City transportation officials are looking to convert a span of Seventh and Eighth avenues to one-way streets, but members of more than one community board maintain that the agency hasn’t done enough to inform residents about the major traffic adjustment
“I don’t understand the logic behind it and I am incredibly frustrated,” said Julio Peña III, first vice-chair of Sunset Park’s Community Board 7, “because this is ‘once again, we’re making decisions that are going to have a significant impact and just rush them through.’ It does not make sense.”
Under the city Department of Transportation’s current proposal, portions of both the two-way thoroughfares would be converted to one-ways, with Seventh Avenue running south and Eighth Avenue running north between 39th and 65th streets — a stretch spanning community boards 7, 10 and 12.
In addition to the conversion — which officials contend would ease congestion — the project includes a slew of other safety improvements and considerations, an online presentation shows, such as expanded sidewalks on Eighth Avenue between 60th and 51st streets, new loading and parking regulations, protected bike lanes and the rerouting of the southbound B70 bus to Seventh Avenue as well as the consolidation of bus stops.
And while the one-way conversion ends at 65th Street, there are elements of the project that continue onto 67th Street such as the addition of a left turning lane at 65th Street and Eighth Avenue, a new protected bike lane at 66th Street to connect cyclists from Seventh to Eighth Avenue and angled parking on the northside of 67th Street between Seventh and Ninth avenues.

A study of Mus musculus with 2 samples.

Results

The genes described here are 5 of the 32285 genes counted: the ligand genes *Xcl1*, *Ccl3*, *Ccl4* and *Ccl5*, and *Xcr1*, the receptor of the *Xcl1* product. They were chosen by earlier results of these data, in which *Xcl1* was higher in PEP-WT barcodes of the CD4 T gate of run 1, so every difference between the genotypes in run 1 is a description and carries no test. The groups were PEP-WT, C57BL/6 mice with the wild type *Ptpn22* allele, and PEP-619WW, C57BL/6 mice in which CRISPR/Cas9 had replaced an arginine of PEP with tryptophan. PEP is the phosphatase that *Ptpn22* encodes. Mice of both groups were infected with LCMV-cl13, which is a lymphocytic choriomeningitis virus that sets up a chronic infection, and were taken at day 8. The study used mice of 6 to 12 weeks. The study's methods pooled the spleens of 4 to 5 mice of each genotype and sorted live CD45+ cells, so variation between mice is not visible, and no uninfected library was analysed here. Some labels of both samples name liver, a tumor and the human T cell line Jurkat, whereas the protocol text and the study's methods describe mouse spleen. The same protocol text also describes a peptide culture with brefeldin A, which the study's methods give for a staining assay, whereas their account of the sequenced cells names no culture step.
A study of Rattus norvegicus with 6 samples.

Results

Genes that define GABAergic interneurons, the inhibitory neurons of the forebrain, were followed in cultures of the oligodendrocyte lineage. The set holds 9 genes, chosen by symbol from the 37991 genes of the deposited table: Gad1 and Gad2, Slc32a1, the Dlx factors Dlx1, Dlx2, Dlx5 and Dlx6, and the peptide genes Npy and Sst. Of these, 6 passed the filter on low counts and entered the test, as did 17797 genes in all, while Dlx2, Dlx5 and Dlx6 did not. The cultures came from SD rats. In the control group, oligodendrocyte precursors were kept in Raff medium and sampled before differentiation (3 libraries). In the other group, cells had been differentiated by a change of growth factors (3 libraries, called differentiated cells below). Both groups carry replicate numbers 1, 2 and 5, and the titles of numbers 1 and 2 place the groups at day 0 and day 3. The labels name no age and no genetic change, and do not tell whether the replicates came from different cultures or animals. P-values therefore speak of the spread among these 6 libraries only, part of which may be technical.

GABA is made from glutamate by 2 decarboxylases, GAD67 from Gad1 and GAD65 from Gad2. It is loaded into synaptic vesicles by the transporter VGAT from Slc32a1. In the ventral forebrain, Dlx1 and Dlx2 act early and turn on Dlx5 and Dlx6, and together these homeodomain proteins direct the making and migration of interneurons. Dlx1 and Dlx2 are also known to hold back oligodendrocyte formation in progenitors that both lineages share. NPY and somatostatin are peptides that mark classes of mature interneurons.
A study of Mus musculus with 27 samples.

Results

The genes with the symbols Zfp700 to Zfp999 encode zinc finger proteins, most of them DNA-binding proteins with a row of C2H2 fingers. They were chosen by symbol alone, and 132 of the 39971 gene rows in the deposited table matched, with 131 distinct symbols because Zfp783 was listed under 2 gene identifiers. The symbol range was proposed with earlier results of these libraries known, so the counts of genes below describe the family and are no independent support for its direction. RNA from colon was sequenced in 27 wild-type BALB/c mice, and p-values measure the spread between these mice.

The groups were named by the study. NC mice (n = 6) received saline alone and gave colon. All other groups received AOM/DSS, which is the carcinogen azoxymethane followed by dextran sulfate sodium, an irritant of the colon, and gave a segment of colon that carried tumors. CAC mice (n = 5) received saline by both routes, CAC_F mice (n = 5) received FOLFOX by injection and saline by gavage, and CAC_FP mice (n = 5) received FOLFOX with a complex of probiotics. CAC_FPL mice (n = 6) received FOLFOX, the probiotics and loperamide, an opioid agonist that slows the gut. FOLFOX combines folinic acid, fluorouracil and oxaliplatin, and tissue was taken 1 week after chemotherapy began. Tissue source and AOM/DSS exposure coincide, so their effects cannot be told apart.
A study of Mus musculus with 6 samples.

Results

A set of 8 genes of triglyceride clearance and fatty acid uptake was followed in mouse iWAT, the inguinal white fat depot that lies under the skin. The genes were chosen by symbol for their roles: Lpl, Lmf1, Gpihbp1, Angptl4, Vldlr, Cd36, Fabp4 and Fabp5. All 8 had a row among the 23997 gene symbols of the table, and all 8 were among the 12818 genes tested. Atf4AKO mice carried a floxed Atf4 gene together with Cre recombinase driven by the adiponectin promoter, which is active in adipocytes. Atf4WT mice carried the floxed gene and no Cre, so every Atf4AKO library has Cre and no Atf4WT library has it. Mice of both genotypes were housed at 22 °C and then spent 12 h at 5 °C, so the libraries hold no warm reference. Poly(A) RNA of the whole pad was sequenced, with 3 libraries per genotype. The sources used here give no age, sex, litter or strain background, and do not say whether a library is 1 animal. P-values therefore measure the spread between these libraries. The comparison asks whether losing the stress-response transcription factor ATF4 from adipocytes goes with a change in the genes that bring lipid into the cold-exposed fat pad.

The expansive proposal requires careful review from the impacted community boards, members contend, arguing that transportation officials have hardly given the local panels a chance to examine the proposal and its impacts.
“I think we all understand the need for traffic mitigation along the business corridors,” Pena said, “but for me, what really struck me was that there wasn’t any kind of outreach on the city’s part and the Department of Transportation on this proposal.”
Locals further argue that the proposal consists of diverse conditions — unique traffic patterns, intersections with high crash history and stretches switching between commercial and residential — which need to be considered.
“It is a very large project that I believe requires a great deal of outreach and public review because it’s such a vast area,” said Josephine Beckmann, district manager of Bay Ridge’s Community Board 10, “and it also covers three community boards.”
“About a week ago, we were informed by the DOT that our approval would no longer be necessary for this project to move forward,” said Zachary Jasie. “They want our input but don’t want our approval.”
Instead, the project is subject to the approval of a community advisory board, which members of the Sunset Park board claim was handpicked in order to ensure the project passed.
“I think they’re going to implement their own community process,” Peña said. “They are going to do some rubber-stamp process with hand-chosen people, to make it look like community engagement.”
Community boards 7 and 10 have asked transportation officials to host a joint meeting with the three affected community boards, followed by individual meetings with each panel on its portion of the proposal — a request, Beckmann said, the agency has not yet agreed to.
“We are working that out because right now DOT has not committed to the full process requested by board 7,” Beckmann said.
Jasie told his fellow Community Board 7 members at the May meeting that there would be an informational session with transportation officials on June 23, and on Monday, DOT announced an additional informational meeting scheduled for June 14.
Community Board 12 and the city Department of Transportation did not return requests for comment by press time.